The Supreme Court has said that councils must do more to help single homeless people, in a landmark ruling.
The court found that local authorities were failing to recognise homeless people in vulnerable situations.
Ruling on the cases of three homeless men, the court found that one, Patrick Kanu, was wrongfully denied care.
The court said councils assessing the needs of single homeless people should compare them with an "ordinary person" rather than another homeless person.
The decision will change the "vulnerability test" by which councils decide which homeless people should be provided with housing.
Not a priority
Before today's ruling, councils assessed potentially vulnerable people by comparing them with a so-called "ordinary homeless person".
That led to situations in which single homeless people suffering from problems including depression and suicidal thoughts were deemed not vulnerable because an "ordinary homeless person" might be expected to suffer from those problems.
The comparison meant that Mr Kanu was deemed not to be a priority for housing assistance when he applied to Southwark Council last year, despite suffering from "multiple physical problems as well as psychotic symptoms and suicidal ideation".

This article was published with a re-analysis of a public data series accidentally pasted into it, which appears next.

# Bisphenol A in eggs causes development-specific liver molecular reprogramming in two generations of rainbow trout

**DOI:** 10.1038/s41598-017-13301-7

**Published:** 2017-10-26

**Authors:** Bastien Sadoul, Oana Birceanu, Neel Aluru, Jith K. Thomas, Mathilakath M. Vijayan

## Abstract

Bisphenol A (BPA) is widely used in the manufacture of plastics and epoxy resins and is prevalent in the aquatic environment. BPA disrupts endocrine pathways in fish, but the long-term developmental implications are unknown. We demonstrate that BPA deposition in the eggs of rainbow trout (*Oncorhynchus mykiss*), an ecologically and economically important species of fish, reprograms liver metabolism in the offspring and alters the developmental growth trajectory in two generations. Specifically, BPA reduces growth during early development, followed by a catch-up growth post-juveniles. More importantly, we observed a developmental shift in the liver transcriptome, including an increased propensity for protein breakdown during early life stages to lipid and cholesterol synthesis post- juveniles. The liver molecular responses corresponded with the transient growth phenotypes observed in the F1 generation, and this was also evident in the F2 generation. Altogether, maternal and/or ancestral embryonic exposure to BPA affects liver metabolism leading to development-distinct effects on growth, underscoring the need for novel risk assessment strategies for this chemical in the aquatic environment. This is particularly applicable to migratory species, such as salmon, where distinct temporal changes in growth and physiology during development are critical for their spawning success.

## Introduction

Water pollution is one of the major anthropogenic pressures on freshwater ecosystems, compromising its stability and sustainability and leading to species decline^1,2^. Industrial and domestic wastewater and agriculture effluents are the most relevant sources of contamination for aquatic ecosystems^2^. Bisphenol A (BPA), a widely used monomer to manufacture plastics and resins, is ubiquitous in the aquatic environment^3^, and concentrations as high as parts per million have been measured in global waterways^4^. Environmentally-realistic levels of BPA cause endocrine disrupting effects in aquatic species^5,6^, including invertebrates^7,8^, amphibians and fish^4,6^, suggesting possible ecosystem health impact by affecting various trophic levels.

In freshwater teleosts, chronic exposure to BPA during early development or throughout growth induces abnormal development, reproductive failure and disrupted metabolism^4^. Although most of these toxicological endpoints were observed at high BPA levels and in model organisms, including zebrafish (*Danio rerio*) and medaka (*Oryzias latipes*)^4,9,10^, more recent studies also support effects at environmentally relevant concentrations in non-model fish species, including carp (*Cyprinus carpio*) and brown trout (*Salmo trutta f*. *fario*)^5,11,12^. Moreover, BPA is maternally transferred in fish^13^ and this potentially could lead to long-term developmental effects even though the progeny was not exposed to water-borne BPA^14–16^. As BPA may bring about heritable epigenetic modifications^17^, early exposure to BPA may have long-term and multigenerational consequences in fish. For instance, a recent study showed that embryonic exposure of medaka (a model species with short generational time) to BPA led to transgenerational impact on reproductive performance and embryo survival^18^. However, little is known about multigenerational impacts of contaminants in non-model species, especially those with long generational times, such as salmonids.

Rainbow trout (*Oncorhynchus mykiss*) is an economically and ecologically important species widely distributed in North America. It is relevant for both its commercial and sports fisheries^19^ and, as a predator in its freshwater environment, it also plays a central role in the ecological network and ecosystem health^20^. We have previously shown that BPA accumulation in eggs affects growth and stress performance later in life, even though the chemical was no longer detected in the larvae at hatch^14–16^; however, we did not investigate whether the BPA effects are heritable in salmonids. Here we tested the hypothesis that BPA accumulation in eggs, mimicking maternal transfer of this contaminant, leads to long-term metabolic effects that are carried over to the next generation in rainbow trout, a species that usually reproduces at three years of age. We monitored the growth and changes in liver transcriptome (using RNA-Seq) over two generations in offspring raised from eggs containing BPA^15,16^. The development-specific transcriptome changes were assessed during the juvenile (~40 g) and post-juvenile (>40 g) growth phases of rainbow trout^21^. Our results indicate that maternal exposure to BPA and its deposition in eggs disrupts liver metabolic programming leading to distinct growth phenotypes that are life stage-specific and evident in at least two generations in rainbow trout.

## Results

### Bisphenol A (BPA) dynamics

Mr Kanu - along with two other men, Craig Johnson and Sifatullah Hotak - took their cases to the Court of Appeal but the court upheld the decisions made by Southwark and Solihull councils.
All three men then took their cases to the Supreme Court, which found on Wednesday that Mr Kanu should have been deemed a priority. It ruled that Mr Johnson and Mr Hotak should not have been, but suggested that Southwark council look closely at its protocols with regard to Mr Hotak.
The change in the "vulnerability" assessment will lower the bar for those suffering from various problems and clear the way for them to be given priority status by their local council.
'A major step'
Giles Peaker, a partner in the housing department at Anthony Gold Solicitors, told the BBC it was the "most significant judgement in homeless law on vulnerable people in the past 10 to 15 years".
"The ruling makes it more likely that vulnerable, single homeless people will have their vulnerability taken seriously and it clears the way for them to go into priority need," he said.